Is it possible to have a genuinely loving, connected, intimate relationship with an addict? The simple answer is no.
No Mutual Sharing
Addicts are self-absorbed, so any mutual sharing of information, of their heart, or their interests doesn't exist. A lack of mutual sharing is a barrier to intimacy. That is because the addiction runs everything, so any sharing they do is manipulative.
With addicts, everything's intense. Therefore, addicts are completely impulsive and compulsive, which leads to a lack of stability. When there's a lack of stability in a relationship, it creates a high state of stress and fear and a massive amount of intensity.
Addicts lie, they manipulate, they steal. They'll do anything to keep the addiction going. They'll hide it from you. They are covert in their ways. Therefore, trust is not possible, and neither is intimacy and connection.
Inability to Connect
At the heart of addiction is intolerable emotional pain.
Addiction comes from self-loathing because every addict goes against their morals and values, needs and wants negotiables, and non-negotiables. As a result, they don't want to be an addict, even if they try and convince you by saying, "Oh, I'm not an addict," or "It's no big deal, I'm fine."
All of that is a lie, and the lies that they continue to tell are more self-loathing and more of the pain they project onto you. Since they cannot take ownership, they won't see that their lies aren't true.
Addicts operate from a skewed reality. But addicts are extremely convincing. After all, they've convinced themselves and most likely you that they need the substance or are not abusing the substance.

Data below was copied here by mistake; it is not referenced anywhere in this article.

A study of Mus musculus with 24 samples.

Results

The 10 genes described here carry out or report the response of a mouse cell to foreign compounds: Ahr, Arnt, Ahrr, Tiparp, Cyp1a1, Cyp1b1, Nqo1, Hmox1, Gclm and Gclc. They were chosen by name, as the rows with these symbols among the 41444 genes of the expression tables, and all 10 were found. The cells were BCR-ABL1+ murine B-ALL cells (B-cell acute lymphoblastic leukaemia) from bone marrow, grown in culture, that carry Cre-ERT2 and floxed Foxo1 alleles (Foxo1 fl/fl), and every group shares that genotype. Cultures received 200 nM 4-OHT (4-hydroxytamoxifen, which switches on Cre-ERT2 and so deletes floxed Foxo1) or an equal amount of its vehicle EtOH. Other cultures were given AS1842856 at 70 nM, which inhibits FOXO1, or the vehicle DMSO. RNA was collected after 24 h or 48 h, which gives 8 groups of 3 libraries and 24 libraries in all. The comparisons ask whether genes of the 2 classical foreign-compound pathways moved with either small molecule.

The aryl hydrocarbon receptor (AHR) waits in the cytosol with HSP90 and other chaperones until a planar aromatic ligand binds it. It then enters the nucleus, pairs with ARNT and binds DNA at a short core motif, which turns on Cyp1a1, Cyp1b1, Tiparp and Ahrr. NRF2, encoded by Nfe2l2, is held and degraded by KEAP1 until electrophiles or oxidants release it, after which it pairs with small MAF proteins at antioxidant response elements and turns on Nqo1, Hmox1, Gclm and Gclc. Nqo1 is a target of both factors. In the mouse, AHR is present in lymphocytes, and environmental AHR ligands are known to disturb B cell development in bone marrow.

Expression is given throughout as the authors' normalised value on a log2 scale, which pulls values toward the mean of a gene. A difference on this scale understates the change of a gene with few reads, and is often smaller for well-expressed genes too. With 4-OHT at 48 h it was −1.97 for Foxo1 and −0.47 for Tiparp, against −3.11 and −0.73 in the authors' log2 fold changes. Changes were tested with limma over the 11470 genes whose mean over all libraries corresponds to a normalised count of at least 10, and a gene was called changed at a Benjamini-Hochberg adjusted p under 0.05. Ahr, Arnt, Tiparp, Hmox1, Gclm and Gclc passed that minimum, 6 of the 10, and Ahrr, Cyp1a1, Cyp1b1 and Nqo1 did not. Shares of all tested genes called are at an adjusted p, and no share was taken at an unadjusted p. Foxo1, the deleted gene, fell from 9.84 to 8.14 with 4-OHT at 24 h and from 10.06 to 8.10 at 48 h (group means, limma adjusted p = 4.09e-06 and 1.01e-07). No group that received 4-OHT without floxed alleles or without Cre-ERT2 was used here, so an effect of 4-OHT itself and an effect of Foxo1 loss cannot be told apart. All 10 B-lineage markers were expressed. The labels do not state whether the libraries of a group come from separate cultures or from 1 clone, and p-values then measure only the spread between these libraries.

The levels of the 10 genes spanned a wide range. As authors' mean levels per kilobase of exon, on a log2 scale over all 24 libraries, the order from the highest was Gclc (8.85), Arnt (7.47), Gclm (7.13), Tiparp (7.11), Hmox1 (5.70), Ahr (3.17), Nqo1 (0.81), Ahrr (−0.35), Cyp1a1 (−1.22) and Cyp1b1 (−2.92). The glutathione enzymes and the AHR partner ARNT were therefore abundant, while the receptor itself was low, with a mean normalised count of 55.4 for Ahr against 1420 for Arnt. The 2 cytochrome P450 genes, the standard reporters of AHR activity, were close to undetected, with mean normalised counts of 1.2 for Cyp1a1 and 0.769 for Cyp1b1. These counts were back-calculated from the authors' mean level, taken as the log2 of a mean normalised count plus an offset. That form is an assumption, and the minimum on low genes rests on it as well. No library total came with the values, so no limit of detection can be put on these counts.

Addicts survive their unhealed pain by detaching from reality. They aren't present in the world, and therefore they aren't present in the relationship. When in a relationship with an addict, you're essentially in a relationship with an actor. Can you have a relationship with an actor? Of course not. Is there true, authentic intimacy? Of course not.
If you're in a relationship with an addict, there's only one solution. You have to face the addiction and accept that you can do nothing to stop it. The addict comes to that on their own. Typically an addict will exhaust all of their denial mechanisms until they're in so much pain that the consequences of continuing the addiction feel worse than the addiction itself. For some people, that never happens because usually, they're great at finding enablers to keep it going.
It's two people doing the best they can with where they are at the moment. Both of them are hurting; both of them are perfectly imperfect.
Life is so challenging because we don't teach how to navigate these complex issues. Ultimately it all boils down to a choice:
Would we like to live a little bit better and in a little bit less pain?
If that's what you want, there's only one way.
We have to face the pain that created the pain on both sides: for the addict and the enabler of the addict's behavior.